Pennsylvania’s auditor general is confident that he has a proposal that will make the state’s bruising budget battles a thing of the past and allow the funding of a whole host of worthwhile programs.
The simple solution, he says, is to legalize pot and collect $581 million a year in taxes from it.
Eugene DePasquale, who as auditor general is charged with ensuring that tax dollars are spent properly across a whole host of government functions, has been advocating for some time for the legalization of marijuana for recreational use in the state. The state has had a medical marijuana law since 2016, but those who do not have one of the qualifying conditions for entry into that program can still be subject to criminal penalties.
In a report issued by his office and at a joint news conference with Pittsburgh Mayor Bill Peduto on Thursday, DePasquale laid out a case for the revenue implications of marijuana legalization. Working off a survey that says 8.38 percent of Pennsylvania adults already admit to using marijuana on a monthly basis, he estimates that there are, conservatively, 800,000 individuals using the drug in the state today.
“For guidance in determining how much the average user might spend each year, we turned to Colorado and Washington,” DePasquale said during the news conference. “Both states legalized marijuana in 2012, and have historical data to pull from. In those states, the average user spends $2,080 per year on marijuana. … If we assumed Pennsylvania users would spend the same amount per person as Colorado and Washington, that means that the legal industry in Pennsylvania would be $1.66 billion.”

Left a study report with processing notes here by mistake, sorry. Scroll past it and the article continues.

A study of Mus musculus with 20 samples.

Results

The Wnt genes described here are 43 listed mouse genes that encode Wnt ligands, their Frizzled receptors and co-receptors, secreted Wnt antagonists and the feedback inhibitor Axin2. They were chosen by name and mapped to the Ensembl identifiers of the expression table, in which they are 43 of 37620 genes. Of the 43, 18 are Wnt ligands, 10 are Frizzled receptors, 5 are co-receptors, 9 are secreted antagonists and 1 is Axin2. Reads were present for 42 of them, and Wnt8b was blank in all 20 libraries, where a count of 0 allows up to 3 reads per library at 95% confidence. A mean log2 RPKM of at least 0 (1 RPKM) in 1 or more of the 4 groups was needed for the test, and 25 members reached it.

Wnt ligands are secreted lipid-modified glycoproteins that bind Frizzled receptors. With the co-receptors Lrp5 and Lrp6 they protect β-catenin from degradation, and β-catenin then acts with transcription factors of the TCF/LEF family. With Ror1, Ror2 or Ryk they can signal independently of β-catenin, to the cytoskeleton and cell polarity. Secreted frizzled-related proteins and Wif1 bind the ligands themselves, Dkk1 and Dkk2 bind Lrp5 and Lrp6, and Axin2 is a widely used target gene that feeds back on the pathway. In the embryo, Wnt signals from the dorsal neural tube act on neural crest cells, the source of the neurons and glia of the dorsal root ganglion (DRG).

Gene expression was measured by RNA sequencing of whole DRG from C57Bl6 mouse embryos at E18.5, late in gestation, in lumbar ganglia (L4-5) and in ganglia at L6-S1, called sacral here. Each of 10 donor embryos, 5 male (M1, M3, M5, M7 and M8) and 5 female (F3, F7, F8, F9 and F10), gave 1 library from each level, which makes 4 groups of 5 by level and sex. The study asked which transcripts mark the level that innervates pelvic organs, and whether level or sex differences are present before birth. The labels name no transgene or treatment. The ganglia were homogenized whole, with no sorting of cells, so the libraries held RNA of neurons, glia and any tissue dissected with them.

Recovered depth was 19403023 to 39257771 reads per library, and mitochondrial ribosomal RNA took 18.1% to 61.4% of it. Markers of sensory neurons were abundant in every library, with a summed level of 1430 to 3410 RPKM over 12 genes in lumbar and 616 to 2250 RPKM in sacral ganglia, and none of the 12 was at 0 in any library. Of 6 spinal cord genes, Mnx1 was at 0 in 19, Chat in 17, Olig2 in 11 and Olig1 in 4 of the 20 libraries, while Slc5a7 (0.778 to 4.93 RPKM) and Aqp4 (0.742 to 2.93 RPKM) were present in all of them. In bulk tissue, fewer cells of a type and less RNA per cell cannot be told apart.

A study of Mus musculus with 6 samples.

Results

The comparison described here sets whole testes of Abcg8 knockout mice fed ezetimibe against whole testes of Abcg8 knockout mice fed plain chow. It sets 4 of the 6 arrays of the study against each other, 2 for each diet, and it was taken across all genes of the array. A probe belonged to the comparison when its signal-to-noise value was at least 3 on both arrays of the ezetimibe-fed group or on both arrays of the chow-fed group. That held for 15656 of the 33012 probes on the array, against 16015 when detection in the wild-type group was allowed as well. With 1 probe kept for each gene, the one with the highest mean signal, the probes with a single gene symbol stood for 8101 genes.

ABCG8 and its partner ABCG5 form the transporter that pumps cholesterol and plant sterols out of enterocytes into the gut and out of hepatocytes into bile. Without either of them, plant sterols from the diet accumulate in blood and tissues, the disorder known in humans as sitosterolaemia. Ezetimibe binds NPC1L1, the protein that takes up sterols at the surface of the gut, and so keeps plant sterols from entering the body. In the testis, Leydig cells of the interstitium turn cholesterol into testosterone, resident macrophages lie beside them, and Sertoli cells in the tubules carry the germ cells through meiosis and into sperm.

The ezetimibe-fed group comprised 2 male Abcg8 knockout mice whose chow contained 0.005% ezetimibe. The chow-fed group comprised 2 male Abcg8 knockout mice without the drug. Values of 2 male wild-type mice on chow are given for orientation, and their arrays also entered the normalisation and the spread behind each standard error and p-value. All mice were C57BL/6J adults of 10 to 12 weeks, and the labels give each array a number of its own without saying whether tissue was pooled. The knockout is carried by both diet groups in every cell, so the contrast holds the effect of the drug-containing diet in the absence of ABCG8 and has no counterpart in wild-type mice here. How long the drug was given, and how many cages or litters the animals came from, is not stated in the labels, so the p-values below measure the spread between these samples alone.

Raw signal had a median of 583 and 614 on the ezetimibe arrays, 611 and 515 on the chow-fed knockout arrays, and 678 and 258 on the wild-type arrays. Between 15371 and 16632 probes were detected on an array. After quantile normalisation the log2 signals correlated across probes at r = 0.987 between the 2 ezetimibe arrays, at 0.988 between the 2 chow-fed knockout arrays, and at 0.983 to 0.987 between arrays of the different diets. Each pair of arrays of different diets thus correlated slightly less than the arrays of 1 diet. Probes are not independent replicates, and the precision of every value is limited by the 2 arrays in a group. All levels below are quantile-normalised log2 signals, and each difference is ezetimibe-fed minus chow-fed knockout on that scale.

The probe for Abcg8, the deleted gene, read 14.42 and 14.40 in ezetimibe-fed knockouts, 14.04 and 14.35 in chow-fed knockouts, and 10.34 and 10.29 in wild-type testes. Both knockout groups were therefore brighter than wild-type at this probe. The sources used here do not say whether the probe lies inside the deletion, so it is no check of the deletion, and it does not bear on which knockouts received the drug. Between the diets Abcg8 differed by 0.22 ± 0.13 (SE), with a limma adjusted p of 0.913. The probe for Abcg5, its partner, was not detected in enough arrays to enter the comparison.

DePasquale then assumed a tax rate of 35 percent to arrive at the $581 million revenue number.
“Let that number sink in – $581 million, conservatively, without a broad-based tax increase on any single Pennsylvanian,” he said. “Just imagine what good we could do with that in Pennsylvania.”
He argued that neighboring New Jersey may soon be moving toward full legalization, and that with efforts underway in other nearby states such as Delaware, Maryland, Ohio and West Virginia, the Legislature should act soon to make sure that Pennsylvania doesn’t fall behind in the Northeast.
“Even President Trump has said that the states should be able to decide this on their own,” he said. “Now’s the time for Pennsylvania to stop imagining how it could benefit from regulating and taxing marijuana and to begin realizing those benefits.”
Peduto said that over the course of the past five years, his perspective had changed from merely decriminalizing marijuana to favoring full legalization and regulation.
DePasquale cited a number of programs that he would like to see funded with the proceeds of taxing recreational marijuana. He proposed funding more pre-K programs, devoting more money to the child welfare system and improving veterans care.
Another of his top priorities was expanding the Children’s Health Insurance Program.
“[CHIP] is already remarkably successful, providing health care coverage for 180,000 children,” he said. “For every $10 million in new funding, about 5,000 more children can receive healthcare coverage.”
DePasquale was asked to address the potential health risks the state might see if marijuana were to become fully legal. He largely dismissed this concern, stating that because the drug is already being used on a large scale, any health care costs have already been built into the state’s economic picture.
“I am not suggesting that this is something that has no drawback,” he said. “The reason why this is a weighted public policy issue is that there are pros and cons to it, right? I mean, if it was all pro and no con, it probably would have been decided decades ago.”
DePasquale’s report cites a 2017 Franklin & Marshall College poll that shows 56 percent of Pennsylvania voters supporting the legalization of marijuana, the first time the F&M poll has shown majority support in the state.